Benefitting from a new chassis design, as applied to its Class 121 and 158 models, Andy York casts a rule across the multiple unit from Barwell.
Back in September 2015, on a very pleasurable day at the Gloucestershire & Warwickshire Railway thanks to Bachmann’s Collectors Club, we saw the announcement of the Class 117 DMU project, along with the Class 121. The project took longer than anticipated, but it’s all the better for it as the new low-floor chassis design has been utilised, as with its Class 158 and 121 already reviewed.
The 42 units manufactured by Pressed Steel in 1959/60 were initially allocated to Southall and Reading for Thames Valley services to Paddington. Although synonymous with that area, the units did spread further afield, even in early years, with workings from Reading to Southampton and Portsmouth. In the early 1970s, some units were based at Bristol and in the late 1970s, around Cardiff.
The early 1990s saw Old Oak Common-based units working Gospel Oak to Barking services. From 1994, seven became two-car units with the centre TC removed to work as power twins on the Liskeard to Looe services, which would have helped with the steep climb back up to Liskeard from Coombe Junction. Around the same time, some units were based at Tyseley for Birmingham Cross-City workings, later moving to Scotland after the Cross-City electrification. Allocated to Haymarket, the Class 117s worked the Fife Circle. The latter days of the units in service also saw them work Bletchley to Bedford services under Silverlink, ending 40 years of service life in 1999.
Comprising of three vehicles, a Driving Motor Brake Second (DMBS), Trailer Composite (TC) and Driving Motor Second (DMS), Bachmann’s Class 117 is initially available in three liveries; green, blue/grey and revised Network SouthEast. The earliest livery, BR multiple-unit green features four-character headcode panels on the roof, cab fronts without marker lights, no gangway corridor connections between vehicles and therefore the original exhaust arrangements to the inner end of the driving vehicles. The original-style cab handrails also act as downpipes from the cantrail gutters. Other features unique to the original livery are the cutaway buffers and original bogies.
The reviewed refurbished blue/grey livery depicting Southall-allocated set L426 W51364 (DMBS), W59516 (TC) and W51406 (DMS) dates the unit as post-1977 and sees changes for the era with the headcode panel plated over and marker lights on the cab front and round Oleo buffers. The full-height cab door handrail is now replaced with a shorter handrail and the bogies are of the modified style with additional dampers to improve ride quality. The addition of gangway connections between the vehicles in this era also necessitate the change to a later pattern of exhaust arrangement. A further change at this time that requires further tooling variations is the heater vent adjacent to the guard’s door on the DMBS.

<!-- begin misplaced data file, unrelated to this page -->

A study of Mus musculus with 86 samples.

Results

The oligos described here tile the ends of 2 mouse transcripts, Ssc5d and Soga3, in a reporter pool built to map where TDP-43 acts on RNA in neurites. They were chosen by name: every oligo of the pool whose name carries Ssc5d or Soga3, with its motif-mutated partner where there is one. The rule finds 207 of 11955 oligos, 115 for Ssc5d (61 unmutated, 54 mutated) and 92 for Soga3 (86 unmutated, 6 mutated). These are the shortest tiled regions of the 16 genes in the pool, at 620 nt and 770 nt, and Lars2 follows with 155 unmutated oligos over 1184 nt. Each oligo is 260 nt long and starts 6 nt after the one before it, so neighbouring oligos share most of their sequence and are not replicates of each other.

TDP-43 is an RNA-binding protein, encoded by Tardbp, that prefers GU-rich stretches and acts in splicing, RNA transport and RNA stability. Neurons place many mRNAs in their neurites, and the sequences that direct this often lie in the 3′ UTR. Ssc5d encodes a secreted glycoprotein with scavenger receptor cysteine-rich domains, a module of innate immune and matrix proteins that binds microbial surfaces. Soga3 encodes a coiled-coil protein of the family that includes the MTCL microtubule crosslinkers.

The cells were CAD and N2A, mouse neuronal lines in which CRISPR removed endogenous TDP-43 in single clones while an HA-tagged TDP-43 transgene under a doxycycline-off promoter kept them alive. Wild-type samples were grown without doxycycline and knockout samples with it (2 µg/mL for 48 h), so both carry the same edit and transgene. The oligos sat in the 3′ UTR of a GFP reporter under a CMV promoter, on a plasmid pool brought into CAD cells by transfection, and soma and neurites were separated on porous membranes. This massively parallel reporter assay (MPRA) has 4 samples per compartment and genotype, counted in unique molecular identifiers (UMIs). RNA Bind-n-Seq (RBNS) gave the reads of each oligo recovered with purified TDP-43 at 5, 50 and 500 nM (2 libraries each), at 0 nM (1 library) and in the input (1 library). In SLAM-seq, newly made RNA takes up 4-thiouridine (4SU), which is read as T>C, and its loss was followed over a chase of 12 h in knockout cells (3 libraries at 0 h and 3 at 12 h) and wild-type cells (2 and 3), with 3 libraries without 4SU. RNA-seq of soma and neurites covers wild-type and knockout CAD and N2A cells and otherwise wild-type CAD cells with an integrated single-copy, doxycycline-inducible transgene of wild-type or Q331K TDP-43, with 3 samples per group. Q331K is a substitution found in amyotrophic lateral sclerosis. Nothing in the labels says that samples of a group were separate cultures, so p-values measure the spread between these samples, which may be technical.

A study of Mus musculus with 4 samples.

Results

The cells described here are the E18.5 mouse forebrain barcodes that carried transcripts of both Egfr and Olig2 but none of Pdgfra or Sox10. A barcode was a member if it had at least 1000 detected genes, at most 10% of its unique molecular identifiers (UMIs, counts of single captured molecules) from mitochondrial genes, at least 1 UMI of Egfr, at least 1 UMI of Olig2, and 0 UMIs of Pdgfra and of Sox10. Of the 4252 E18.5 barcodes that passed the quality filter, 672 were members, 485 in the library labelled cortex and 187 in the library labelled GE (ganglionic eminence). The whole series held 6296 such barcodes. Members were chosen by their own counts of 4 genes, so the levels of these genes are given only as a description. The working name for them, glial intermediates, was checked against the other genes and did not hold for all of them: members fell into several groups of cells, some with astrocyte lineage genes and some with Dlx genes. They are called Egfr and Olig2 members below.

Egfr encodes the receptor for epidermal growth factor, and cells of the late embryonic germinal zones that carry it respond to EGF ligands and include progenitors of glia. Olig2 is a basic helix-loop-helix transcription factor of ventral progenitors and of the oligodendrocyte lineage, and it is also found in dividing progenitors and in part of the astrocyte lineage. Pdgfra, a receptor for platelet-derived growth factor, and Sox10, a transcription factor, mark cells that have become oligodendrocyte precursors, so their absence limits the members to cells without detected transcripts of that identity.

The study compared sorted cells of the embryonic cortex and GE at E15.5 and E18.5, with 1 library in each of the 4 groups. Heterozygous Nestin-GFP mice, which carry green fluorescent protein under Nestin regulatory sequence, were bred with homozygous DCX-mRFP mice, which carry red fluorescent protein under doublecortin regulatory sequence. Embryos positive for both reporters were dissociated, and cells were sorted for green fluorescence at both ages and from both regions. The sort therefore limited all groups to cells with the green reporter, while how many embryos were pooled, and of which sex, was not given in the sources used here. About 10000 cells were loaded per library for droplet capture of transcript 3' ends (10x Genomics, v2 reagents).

Moving on to the later version in revised Network SouthEast livery (which marks it as post-1998), there's further revision, with a cab front that has the central high-intensity lamp, so Bachmann has tooled three different cabs for these initial releases.
Attention to detail
As with the Class 121, the underframe treatment is superb, with the complex arrangement of gearboxes, driveshafts, battery boxes, radiators, tanks, compressors and fire bottles with interconnecting pipes and cables. The concealed drive system allows for daylight where there should be beneath the vehicles while keeping a low floor to the interior of the unit.
We also see the introduction of different materials into the product, with a flexible speedometer cable on the driver’s side of the leading bogies. While the roof arrangements of the driving vehicles are straightforward, there are roof conduits to the central lavatory compartment on the TC vehicle. The decoration of the vehicle is up to Bachmann’s usual excellent standard and our review sample features Oxford and Banbury destination blinds, which are illuminated.
While electrical pick-up is from all wheelsets, only one motor bogie is driven in each of the driving vehicles with the small three-pole motor concealed within the underframe gearbox, with a cardan shaft and small gearbox unit to drive both axles of the driven bogie. The unit feels comparatively light at 195g for the driving vehicles and 178g for the TC, but there’s certainly adequate power to trail an un-powered unit behind.
To fit a decoder, unclip the body of the DMBS as shown in the instructions and remove the blanking plug situated above the board in the guard’s compartment. Only one decoder is required per unit thanks to the electrical connections between vehicles. If you are fitting a sound decoder, nothing further needs to be done as there are speakers pre-fitted into the battery boxes beneath both driving vehicles. For the analogue user, Bachmann has included a range of dip switches at the inner end of the leading bogie of the DMBS to allow the user to control the directional destination indicators, interior vestibule and cab lights in each of the vehicles.
The detailing pack includes cosmetic screw-link couplings, multiple working pipes and sockets and vacuum piping to be fitted if you can ditch the tension-lock couplings. This makes a huge difference to the appearance. Impressed? Immensely. Bachmann’s attention to detail with the variations through the lifespan of the units is exceptional. It comes highly-recommended and has certainly been worth the wait.